This rant on paper waste is a part of
Blog Action Day 2009 | Climate Change.
Many people that I work with know me to be obsessive about using less paper. First I reduce, then I reuse, then, at last, I recycle.
This carries over beyond my work life and into my personal life. I’m one of those people that calls my service providers to be removed from solicitation lists (did you know you can even get the paper inserts taken out of your credit card statements, even if you can’t get bills online?). I’d love to get zero mail (confession: birthday cards are still OK;).
This carries over beyond my work life and into my philanthropic life. I donate online.
I’ve worked in fund development before. I know that it’s important to meet donor preferences.
But this rule seems to breakdown when it comes to reducing paper.
- I donated to at least 5 different organizations last year. All of them I donated online with.
- Of those five, four of them followed up with print material – direct mail, invitations, newsletters, etc.
- Of those four, I emailed each of them asking them to remove me from their (paper) mail lists, though I added that I was happy to receive any information by email.
- Of those four, NONE have sent me any email. I actually had to email two of them after getting paper mail an additional time. I have received no further solicitations from any of them otherwise.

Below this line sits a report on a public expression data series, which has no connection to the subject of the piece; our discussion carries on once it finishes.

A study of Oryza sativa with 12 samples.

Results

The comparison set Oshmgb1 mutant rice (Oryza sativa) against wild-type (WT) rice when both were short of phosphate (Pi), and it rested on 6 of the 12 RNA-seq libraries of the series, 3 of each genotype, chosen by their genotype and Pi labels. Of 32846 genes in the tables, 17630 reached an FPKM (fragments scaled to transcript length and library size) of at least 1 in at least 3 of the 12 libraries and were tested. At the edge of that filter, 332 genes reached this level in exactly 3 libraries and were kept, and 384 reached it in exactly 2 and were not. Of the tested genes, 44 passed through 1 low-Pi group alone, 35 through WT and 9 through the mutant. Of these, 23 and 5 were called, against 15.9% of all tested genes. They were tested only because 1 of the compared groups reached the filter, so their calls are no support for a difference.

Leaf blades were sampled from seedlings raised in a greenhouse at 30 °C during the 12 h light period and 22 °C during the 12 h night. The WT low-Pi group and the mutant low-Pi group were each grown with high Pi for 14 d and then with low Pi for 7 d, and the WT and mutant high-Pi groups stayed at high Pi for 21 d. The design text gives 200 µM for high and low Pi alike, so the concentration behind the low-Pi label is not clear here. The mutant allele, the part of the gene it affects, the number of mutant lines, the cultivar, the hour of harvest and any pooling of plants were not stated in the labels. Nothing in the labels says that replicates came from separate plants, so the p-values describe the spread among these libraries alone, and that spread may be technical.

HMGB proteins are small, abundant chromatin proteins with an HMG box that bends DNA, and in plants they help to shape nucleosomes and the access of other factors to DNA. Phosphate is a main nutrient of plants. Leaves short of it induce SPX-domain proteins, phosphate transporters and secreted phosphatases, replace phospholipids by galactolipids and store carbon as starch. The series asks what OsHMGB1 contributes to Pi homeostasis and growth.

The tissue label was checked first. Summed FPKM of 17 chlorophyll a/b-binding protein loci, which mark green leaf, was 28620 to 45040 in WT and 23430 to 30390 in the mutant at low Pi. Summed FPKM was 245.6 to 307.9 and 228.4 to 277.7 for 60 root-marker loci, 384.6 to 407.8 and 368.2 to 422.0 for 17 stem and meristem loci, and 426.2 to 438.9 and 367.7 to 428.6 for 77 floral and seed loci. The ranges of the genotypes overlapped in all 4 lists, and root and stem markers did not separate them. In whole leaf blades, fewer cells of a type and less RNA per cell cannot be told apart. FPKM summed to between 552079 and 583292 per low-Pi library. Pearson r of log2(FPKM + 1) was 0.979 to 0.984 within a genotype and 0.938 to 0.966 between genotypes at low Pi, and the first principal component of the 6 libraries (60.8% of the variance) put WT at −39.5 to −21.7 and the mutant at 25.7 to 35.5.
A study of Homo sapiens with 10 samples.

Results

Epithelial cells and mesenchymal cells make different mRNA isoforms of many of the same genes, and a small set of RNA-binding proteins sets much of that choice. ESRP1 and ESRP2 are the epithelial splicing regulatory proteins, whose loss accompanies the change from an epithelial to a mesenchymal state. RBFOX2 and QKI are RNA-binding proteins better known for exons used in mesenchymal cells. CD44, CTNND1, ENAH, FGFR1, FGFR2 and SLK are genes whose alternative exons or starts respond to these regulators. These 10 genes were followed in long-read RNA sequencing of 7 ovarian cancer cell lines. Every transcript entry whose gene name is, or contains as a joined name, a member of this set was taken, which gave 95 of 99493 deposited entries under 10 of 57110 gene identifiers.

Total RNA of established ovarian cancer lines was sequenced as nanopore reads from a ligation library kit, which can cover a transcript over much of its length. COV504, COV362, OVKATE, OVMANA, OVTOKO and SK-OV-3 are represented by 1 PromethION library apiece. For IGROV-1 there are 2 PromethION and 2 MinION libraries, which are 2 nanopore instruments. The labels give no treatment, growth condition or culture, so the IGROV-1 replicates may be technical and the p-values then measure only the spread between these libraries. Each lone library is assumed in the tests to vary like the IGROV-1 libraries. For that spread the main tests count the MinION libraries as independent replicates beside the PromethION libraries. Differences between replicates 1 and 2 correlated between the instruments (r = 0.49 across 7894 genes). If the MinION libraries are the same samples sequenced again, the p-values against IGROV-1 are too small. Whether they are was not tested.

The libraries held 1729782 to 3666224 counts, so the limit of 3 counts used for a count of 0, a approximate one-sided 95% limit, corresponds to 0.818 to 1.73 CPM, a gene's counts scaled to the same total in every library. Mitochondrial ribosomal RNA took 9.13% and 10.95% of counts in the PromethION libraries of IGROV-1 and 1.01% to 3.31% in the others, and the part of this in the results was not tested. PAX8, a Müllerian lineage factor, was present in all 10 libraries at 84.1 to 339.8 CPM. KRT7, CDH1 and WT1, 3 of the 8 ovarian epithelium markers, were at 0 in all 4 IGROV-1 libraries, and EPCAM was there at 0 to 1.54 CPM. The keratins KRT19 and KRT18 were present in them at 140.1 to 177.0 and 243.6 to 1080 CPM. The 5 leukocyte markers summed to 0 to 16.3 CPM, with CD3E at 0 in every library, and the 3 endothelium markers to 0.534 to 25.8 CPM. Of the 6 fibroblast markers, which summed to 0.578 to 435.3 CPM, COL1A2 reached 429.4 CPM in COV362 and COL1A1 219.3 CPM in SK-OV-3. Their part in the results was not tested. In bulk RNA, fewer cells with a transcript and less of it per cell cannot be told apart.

- Of those original five, only one continues to connect with me via email. Very intermittently – nothing to be considered spam. I also have found out about their campaigns via Twitter and Facebook. I have followed their campaigns’ success online. And surprise, they’re the one I donate the most to and have begun to donate most regularly to.
It (figuratively) breaks my heart to see nonprofits not getting it. Traditional ways of communicating with donors (ie mail) are still important for connecting with traditional donors. But “new” ways of communicating with donors (though “new” is debatable – the web has been used commonly for over a decade) are important to connect with and retain new donors AND cut down on paper.
Reduce and prosper?
Nonprofits should play their part in reducing waste (in both paper and the cost for stamps) by – at the very least – respecting the methods donors have gone out of their way to request to be solicited.